Big Boys Coming To Town
Hope Canada enjoyed beating up on shorthanded South Africa last weekend.
The Davis Cup process is about to get much, much tougher.
The draw was held for next year's World Group competition today and lo and behold, if Canada didn't draw the nastiest opponent of 'em all, the mighty Spanish, without question the most powerful tennis nation on earth at the moment.
Intimidating, for sure. But this tie, set for Super Bowl weekend in February, could also be one of the biggest events in Canadian tennis history.
These days, Spain is like a travelling tennis rock show. Yes, Rafael Nadal remains out of action with knee problems, and there's concern for his career.
But Spain has 11 others in the top 100 ATP rankings, while little old Canada has, of course, just one in No. 14 Milos Raonic. Spain is also a finalist for this year's Davis Cup competition, having knocked off the Americans last weekend and set to take on the Czech Republic in the final in November.
Can you say massive mismatch?
Of course, Spain can have all those players, but they can't play them all, and in a three-of-five tie, two singles wins and a doubles victory gets you through. Let's just say Milos Raonic will have to have a monster weekend and leave it at that.
That's the formula Canada will have to focus on, and while today's draw did captain Martin Laurendeau and Co. no favours in terms of opponent, Canada does get home court, which means the Canadians can choose the venue, the balls and, most important, the surface.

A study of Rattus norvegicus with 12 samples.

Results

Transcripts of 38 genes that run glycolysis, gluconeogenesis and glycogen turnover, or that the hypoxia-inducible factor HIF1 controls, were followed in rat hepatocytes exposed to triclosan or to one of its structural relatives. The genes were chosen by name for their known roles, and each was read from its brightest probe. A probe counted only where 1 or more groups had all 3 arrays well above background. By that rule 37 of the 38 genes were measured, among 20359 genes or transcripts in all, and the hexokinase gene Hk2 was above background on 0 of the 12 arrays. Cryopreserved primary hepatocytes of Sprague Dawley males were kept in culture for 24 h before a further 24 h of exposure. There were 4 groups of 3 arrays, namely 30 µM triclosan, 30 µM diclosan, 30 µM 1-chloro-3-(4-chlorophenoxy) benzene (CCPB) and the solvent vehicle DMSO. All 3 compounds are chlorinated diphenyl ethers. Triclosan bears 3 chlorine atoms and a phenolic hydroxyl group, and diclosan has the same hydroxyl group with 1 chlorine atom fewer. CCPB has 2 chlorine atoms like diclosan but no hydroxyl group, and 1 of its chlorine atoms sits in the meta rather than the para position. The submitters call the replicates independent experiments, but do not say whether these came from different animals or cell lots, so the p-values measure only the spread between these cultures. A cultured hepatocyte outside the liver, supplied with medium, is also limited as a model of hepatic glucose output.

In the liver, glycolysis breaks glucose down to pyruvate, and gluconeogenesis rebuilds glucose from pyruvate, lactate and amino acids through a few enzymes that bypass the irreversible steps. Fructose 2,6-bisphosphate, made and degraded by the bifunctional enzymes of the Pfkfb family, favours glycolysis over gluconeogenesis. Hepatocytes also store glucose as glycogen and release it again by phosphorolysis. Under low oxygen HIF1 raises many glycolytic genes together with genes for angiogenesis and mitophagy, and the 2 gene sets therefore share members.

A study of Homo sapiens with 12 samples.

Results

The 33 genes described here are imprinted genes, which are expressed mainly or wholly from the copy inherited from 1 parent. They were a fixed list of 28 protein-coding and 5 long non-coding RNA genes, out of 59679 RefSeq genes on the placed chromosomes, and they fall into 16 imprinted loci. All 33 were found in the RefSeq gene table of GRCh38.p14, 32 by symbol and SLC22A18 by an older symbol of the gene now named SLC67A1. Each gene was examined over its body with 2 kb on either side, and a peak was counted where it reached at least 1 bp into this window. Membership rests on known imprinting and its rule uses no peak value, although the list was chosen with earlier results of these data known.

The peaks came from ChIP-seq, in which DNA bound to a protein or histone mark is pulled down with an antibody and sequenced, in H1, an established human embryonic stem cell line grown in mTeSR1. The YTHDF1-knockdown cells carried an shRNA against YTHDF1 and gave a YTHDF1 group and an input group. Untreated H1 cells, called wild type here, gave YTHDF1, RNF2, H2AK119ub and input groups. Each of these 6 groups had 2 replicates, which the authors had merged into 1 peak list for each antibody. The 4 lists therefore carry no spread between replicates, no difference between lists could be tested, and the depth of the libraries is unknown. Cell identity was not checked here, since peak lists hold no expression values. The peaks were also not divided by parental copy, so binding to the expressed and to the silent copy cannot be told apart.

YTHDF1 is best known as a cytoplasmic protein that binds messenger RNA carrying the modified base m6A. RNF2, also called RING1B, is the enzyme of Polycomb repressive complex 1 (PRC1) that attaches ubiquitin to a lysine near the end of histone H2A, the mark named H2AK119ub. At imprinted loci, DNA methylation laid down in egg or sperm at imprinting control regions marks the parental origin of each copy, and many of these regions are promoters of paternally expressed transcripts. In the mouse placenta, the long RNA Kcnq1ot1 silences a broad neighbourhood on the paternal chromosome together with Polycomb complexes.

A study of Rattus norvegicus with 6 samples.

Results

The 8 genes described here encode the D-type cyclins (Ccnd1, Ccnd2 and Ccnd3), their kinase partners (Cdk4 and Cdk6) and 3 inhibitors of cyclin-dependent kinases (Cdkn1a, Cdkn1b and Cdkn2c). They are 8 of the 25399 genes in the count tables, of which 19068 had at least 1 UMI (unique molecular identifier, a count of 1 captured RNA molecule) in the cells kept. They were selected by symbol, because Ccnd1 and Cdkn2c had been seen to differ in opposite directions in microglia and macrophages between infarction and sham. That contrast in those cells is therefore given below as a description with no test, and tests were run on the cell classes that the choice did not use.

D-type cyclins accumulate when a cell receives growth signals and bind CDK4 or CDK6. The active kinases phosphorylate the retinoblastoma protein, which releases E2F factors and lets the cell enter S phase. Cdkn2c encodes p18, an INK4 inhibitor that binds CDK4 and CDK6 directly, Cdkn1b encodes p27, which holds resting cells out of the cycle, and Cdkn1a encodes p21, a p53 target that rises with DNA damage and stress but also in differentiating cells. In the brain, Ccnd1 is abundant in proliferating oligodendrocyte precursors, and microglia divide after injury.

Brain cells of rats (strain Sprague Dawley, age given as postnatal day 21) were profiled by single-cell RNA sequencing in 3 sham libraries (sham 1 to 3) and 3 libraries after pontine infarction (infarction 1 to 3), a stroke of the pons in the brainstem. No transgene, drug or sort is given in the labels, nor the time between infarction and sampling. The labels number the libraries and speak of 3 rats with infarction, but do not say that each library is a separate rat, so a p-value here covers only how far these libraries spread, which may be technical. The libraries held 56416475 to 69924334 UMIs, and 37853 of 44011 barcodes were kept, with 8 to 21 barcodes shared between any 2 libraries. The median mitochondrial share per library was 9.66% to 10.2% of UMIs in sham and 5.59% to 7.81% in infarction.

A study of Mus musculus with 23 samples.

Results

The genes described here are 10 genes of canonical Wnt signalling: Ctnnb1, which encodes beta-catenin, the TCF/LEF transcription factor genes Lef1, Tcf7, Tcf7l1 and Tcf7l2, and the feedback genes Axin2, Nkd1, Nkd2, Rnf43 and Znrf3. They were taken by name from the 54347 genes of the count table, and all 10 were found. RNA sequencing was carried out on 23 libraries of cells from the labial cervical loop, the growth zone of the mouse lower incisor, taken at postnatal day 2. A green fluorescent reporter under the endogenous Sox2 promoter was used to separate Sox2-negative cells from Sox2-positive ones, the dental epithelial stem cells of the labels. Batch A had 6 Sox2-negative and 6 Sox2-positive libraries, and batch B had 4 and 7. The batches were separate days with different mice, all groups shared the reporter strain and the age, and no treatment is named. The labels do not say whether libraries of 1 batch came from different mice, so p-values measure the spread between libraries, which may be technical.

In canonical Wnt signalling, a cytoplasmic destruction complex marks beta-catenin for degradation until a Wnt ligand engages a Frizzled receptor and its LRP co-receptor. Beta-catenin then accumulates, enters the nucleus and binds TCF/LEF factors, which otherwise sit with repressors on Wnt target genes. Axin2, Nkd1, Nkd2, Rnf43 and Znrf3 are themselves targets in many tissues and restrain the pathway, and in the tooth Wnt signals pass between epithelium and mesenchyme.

Now, the days are gone when the Spanish were simply clay court artists, but you can bet Canada will try to find the slickest, fastest surface it can for this tie. Tennis Canada could also go to altitude, although the early bet is that they'll go back to Vancouver and the campus of the University of British Columbia with Victoria also putting in a spirited bid.
The other intrigue will be, of course, who the Spanish will bring. If they win the Davis Cup in November they may be less motivated, knowing that even if they lost to Canada they can stay in the World Group without breaking a sweat later in the year.
The tie is also right on the heels of the gruelling Australian Open, and some of Spain's best may play late into that event. So we'll see who actually shows up.
It's a similar situation for Canada as last winter when they drew France, and eventually got spanked 4-1. Not easy, and it would take a monumental upset to knock off Spain. But for an up-and-coming tennis country trying to regularly play with the top nations, it's also a huge opportunity.
By the way, the tie won't be going up against the Super Bowl, you can bet. It will go Friday and Saturday, and all will be completed by kickoff. So for Tennis Canada, it's as big a chance to attract eyeballs and attention as has been available for a long, long time.